Alicia Keys says her expectations for her debut album, “Songs in A Minor,” never had anything to do with how well it sold.
“Being connected with people, that’s what I hope for,” the 20-year-old Manhattan native says. “Numbers I leave for everyone else to count and calculate.”
Well, everyone else has had a lot of calculating to do. The album debuted at No. 1 on the Billboard chart after its release June 26.
“We were stunned by the sales,” said Clive Davis, the music-industry veteran who heads up Keys’ label, J records.
“Stunned” pretty much sums up the music world’s reaction to Keys, the classically trained pianist with the husky voice, braids, big eyes and even bigger smile. At a recent performance, she had a crowd of 2,000 people singing along with every word of “Falling,” the album’s first song, about the ups and downs of a relationship.
While Keys admits “it’s so wonderful, everything that’s going on,” she’s doing her best to stay grounded.
She loves that journalists have put her name in the same sentences as Lauryn Hill, Macy Gray, Jill Scott and Erykah Badu, praising her stage presence and lyrical and musical promise. But the hype does make her laugh a little.
“I definitely feel like sometimes people jump the gun. Not to say I will not be around for a very long time – because I will – but at the same time, step by step,” Keys says.
The steps started for Keys when she was a child. At 7, she began playing piano, followed by dance and voice lessons in later years. She studied at the Professional Performance Arts School in New York, graduating at 16 and studying at Columbia University for a minute before deciding to devote herself full-time to music.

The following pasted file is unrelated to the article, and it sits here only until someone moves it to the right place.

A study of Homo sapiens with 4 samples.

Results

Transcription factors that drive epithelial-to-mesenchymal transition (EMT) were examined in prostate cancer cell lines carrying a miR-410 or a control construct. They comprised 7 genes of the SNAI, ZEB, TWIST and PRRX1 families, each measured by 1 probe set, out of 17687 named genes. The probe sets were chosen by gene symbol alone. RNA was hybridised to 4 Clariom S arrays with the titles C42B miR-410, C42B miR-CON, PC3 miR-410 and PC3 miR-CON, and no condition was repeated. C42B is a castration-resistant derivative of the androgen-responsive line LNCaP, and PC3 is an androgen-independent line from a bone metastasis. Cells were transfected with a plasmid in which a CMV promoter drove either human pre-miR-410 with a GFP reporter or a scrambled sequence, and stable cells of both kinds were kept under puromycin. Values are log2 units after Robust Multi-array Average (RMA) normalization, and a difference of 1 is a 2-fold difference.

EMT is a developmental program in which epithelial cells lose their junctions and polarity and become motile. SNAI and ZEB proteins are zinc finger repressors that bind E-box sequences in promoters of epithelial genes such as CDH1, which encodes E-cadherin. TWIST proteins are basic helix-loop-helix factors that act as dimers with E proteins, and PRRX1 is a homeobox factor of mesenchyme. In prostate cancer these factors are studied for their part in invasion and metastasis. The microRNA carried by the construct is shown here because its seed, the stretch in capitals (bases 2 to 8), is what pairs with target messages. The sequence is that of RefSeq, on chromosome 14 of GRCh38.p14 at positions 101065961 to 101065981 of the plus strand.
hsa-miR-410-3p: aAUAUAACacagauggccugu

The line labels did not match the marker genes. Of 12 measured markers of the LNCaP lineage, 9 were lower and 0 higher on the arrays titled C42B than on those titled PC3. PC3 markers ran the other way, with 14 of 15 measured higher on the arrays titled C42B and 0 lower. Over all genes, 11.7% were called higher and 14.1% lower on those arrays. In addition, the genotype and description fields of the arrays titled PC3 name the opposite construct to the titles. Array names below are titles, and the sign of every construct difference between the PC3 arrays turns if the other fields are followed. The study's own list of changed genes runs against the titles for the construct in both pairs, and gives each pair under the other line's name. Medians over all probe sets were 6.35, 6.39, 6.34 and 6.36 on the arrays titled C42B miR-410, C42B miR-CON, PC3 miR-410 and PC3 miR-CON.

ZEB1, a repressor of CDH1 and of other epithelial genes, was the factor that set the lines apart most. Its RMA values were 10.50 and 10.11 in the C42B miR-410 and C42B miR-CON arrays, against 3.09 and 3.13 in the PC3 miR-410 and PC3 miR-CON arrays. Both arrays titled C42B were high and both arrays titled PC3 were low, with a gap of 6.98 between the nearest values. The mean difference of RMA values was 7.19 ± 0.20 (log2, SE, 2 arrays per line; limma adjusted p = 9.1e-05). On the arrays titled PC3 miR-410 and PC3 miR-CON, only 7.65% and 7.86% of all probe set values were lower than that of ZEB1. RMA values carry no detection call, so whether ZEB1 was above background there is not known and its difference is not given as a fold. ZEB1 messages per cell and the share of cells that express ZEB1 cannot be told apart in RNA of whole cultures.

She signed with Davis at Arista Records in 1998, and when he left to form J Records, she went along. Her respect for the music industry legend is in her voice whenever she talks about him.
“When we first met, he definitely asked me, ‘What do you see for yourself? Tell me what you see for your career,”‘ she says. “That’s an incredible question for a person of his stature to ask you, record executive-wise, and to even care what you think.”
In turn, Davis calls Keys “a stunning beauty, a unique writer of songs…. She is the combination of the best of what you want.”
He made sure she got media exposure, taking the video for the track “Fallin” to executives at MTV and BET, and writing a letter to Oprah Winfrey, asking her to showcase new artists – in particular Keys. (Keys did appear on “Oprah.”)
Keys wrote, played and produced the songs on her album, and she enjoys being at a fledgling label – but one where the executives have years of experience.
“Having that place to build, it’s not like, ‘I already have 30 female solo artists, so what do you do?”‘ she says. “It gives it a freedom, a kind of an experimentation.”
She counts Marvin Gaye and Stevie Wonder among her influences but, like any self-respecting member of the hip-hop generation, also talks about how Notorious B.I.G.’s “Ready to Die” will always be in her CD player.
She doesn’t label her sound, which mixes a bit of everything from hip-hop to soul to classical.
“It’s definitely a lot of different styles and I don’t describe it, because I hope to constantly be changing it in a sense, ever so slightly, ever so gently experimenting with different sounds and styles,” she says.
Keys says she likes discovering performers who may not have sold millions of albums, and she goes into an almost stream-of-consciousness discussion of artistic freedom versus commercial success.
“You know what I think, when you’re not 2 million thousand times platinum you have more freedom to just be and do, you don’t have to quench the thirst of any main public or whatever, it’s just like being more able to be yourself,” she says. “Those couple of hundred thousand people accept you for that and that’s what they like. They like you to be yourself.”
Not that she has any intention of being unknown.
“I want to be around forever. I want to be performing if I want to when I’m 65,” she says. “If I want to roll out of the house and do a show, I want to be able to do a show, and write songs and get into as many different things as possible.”
For now, that means promoting the album and performing. She goes on tour with Maxwell starting in August.
“I do definitely expect to take the world by storm, I absolutely intend to do that,” she says. “I intend to just do quality things, follow my spirit and build my spirit so that it gets strong, so that me as a person continues to grow and be a good individual and I know everything else behind that will follow.”